Hurricane Harvey. Hurricane Irma. Wildfires across California. The 7.1-magnitude earthquake in Mexico City.
Last year was staggering in terms of natural disasters across North America. And in the past few decades such events have ramped up with alarming frequency, leading to multiple deaths and injuries and racking up billions of dollars in aid funding and rebuilding costs.
One study shows natural disasters increased significantly between 1960 and 2012, particularly weather and climate-related disasters. Between 2005 and 2014, it indicates, they affected 1.7 billion people, killed about 700,000 and caused $1.4 trillion in damage.
“When a natural disaster occurs, first responders and local governments take the lead in messaging and communications,” notes Cary Kirkpatrick in Forbes. “Being organized, thoughtful and flexible are key to helping everyone navigate the crisis. Having an emergency preparedness plan you’ve mapped out in advance and reviewed with your team and clients is essential.”
A few emergency preparedness tips for forming (or perhaps just updating) your municipality's emergency communication plans:
- In the past, such emergency communication efforts were primarily one-way: Experts statistically gauged risks then informed residents so they could make well-informed choices. Not so today. “Internationally, risk communication is now perceived to be an interactive process of exchanged information and opinion among individuals, groups and institutions,” note editors of the 2015 guide “Crisis Communication in a Digital World." Newer processes frequently involve “multiple messages about the nature of risk or expressing concerns, opinions or reactions to risk messages, or to legal and institutional arrangements for risk management,” they explain.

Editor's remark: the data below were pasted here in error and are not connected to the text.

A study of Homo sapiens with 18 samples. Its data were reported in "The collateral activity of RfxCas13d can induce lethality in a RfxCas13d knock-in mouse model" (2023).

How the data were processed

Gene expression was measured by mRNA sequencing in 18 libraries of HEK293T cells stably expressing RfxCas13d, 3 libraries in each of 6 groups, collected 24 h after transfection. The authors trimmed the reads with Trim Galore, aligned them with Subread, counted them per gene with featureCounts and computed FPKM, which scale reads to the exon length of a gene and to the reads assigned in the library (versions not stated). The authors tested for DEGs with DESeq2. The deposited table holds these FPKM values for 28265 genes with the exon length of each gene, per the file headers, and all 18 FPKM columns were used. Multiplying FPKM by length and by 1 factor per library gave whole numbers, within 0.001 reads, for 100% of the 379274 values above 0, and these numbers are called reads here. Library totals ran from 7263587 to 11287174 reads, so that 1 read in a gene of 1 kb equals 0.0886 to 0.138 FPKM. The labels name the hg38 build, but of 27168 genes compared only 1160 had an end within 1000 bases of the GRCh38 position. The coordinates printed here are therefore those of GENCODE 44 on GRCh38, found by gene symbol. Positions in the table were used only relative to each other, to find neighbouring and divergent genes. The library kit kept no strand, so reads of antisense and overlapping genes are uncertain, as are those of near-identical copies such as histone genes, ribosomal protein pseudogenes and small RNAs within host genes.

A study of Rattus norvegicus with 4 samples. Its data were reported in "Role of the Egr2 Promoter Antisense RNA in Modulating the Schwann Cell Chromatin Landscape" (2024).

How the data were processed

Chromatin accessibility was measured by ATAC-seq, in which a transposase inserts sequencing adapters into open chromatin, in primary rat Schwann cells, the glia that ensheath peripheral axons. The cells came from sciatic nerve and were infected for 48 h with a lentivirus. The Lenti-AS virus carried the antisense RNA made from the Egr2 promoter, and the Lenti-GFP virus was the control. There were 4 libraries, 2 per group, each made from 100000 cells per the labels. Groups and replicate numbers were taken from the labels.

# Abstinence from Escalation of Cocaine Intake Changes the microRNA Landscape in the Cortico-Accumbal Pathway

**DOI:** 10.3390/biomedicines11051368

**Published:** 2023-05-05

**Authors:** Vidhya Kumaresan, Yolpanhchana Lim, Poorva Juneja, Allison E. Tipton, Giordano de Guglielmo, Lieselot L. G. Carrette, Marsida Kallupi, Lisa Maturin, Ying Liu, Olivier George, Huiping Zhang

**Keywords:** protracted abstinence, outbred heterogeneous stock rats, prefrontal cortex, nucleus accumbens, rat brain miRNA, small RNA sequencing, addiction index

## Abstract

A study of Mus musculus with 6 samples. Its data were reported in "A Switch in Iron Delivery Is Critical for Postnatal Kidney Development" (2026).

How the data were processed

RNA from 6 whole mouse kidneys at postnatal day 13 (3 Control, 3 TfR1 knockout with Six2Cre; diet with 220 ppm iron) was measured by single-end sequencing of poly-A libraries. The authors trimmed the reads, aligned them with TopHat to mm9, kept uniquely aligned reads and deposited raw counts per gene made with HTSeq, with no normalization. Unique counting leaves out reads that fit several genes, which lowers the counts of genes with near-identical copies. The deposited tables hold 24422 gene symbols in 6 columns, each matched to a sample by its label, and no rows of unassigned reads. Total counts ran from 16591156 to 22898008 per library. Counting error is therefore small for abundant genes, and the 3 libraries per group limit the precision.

- In general, analysts recommend forming emergency preparedness plans for the four stages surrounding disasters — prevention, preparation, response and recovery — and describing how community members and organizations can take action accordingly.
- Savvy communicators often frame such messages in strategic ways to account for variable perceptions of risk. For example, the book explains, people are more likely to avoid natural disaster warnings if the information seems uncertain or contradicts their opinions, and may be more concerned if they can remember similar emergencies. Those without strong opinions either way are the most susceptible to new emergency messages.
- Technology like emergency notification systems that automatically disseminates information as soon as it's needed can save municipalities considerable time, money and effort. Take advantage of its capabilities to optimize workflow and reduce threats to public safety whenever citywide communications are needed for emergencies.
While natural disasters are often inescapable, preparing for emergencies can go a long way toward minimizing their effects as much as possible.
“Potentially hazardous events do not need to end in a disaster,” advises geography professor Dale Dominey-Howes on TheConversation.com. “Disasters occur because of the intersection of hazard with exposed people and assets that are vulnerable to the hazard. They are characterized by a lack of resilience and poor capacity to cope and respond in the affected area.”
Want peace of mind that residents in your municipality would be well-informed before, during and after a natural disaster? Talk to SwiftReach about creating a cutting-edge emergency preparedness plan that can optimize resident communication.